Does 'Independence' Truly Matter?
One thing that community hospitals have in common—at least if they want to be successful in the years ahead—is a strong tie to the community. Most of these facilities exist because the community built them. That connection is what helps keep many of these small-town hospitals open amid declining reimbursement rates and the rising ranks of the uninsured. What the community thinks matters. And many communities place a high value on local autonomy because they are invested—either through taxes or donations—in the local hospital. They want to ensure that their hospital has their best interests at heart.
But maintaining independence is becoming increasingly difficult for smaller community hospitals. One of the biggest threats in today's market is increased competition from larger health systems that are expanding their reach into suburban and rural markets. This competition is forcing some community hospitals like Northern Hospital in Mount Airy, NC, and Hugh Chatham Hospital in Elkin, NC, to compete with larger hospital systems. Northern Hospital, which is spending $22 million to more than double its space for operating rooms and outpatient care, and Hugh Chatham, which is spending $41 million to increase capacity in its emergency room, are expanding their facilities so that they can treat more patients locally (complex cases will still be transferred to nearby tertiary systems).
Not all community hospitals have the resources to expand or modernize their facilities. Still, viewing a merger or affiliation with a large system as strictly a last resort may not be the best strategy. I've spoken to many hospital executives who say that independence is a state of mind. They maintain that it really doesn't matter if you are independent, partnered with a management company, affiliated with another hospital, or part of a hospital system, as long as you are meeting the needs of your community. What matters is that you have the resources required to update your facility, invest in new technologies, improve quality, or expand services.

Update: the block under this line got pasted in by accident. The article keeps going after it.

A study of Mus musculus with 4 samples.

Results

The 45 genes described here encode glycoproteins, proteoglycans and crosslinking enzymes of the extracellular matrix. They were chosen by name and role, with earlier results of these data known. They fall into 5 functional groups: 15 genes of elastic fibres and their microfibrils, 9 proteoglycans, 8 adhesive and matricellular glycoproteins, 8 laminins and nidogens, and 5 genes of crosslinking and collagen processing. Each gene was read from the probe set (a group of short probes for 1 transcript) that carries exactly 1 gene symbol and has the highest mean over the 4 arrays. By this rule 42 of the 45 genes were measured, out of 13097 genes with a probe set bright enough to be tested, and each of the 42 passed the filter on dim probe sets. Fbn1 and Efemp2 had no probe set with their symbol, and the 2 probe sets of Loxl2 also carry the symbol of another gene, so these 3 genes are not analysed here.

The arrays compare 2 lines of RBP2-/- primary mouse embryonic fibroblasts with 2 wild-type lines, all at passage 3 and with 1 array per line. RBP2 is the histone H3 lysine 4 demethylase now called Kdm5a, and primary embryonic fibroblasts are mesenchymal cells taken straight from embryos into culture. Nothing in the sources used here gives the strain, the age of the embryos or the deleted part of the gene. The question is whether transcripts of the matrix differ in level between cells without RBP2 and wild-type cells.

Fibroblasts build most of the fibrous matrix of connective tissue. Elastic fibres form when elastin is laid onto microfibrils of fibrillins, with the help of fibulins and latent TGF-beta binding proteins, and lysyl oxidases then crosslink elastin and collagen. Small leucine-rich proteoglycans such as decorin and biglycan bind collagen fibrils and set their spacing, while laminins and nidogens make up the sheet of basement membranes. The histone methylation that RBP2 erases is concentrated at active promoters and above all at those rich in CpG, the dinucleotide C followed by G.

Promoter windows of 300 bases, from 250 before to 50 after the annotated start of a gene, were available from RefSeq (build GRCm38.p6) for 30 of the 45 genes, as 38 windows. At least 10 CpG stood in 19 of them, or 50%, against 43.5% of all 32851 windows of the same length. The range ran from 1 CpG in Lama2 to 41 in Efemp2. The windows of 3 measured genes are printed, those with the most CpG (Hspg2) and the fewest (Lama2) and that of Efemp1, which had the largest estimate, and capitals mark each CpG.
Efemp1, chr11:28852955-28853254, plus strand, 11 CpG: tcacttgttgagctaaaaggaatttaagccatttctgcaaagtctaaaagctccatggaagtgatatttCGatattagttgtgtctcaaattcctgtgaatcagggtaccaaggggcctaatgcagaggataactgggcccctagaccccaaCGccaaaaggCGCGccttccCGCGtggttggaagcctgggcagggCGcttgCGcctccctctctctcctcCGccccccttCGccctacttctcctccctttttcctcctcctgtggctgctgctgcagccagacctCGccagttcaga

If you can maintain independence and still meet the needs of your community, great. But if you are struggling financially and watching patient volumes slowly decline, you may want to think about joining or partnering with a health system sooner than later.
Not all partnerships are created equal. Some affiliations allow the community hospital to maintain a local board with reserve powers and independent decision making, while others do not. Waiting until you need a system to save your hospital from closing is not a good position to be in. It limits your choices and makes it more difficult to find a system that is a good fit for your facility and community.
Regardless of what option you choose to strengthen your hospital financially, experts contend, community support is a must. You need to maintain that connection to the community. Craft an elaborate communication strategy so that members of the community understand what is going on and why. And above all, try to build a consensus in the community that the path your hospital is taking is the best one.
Editor's note: This is my last column for HealthLeaders Media Community and Rural Hospital weekly. I'd like to thank all of the readers for the great feedback. I'll be taking over our leadership newsletter, HealthLeaders Media Corner Office, starting Friday. John Commins will be writing the Community and Rural Hospital eNewsletter.
Carrie Vaughan is editor of HealthLeaders Media Community and Rural Hospital Weekly. She can be reached at email@example.com.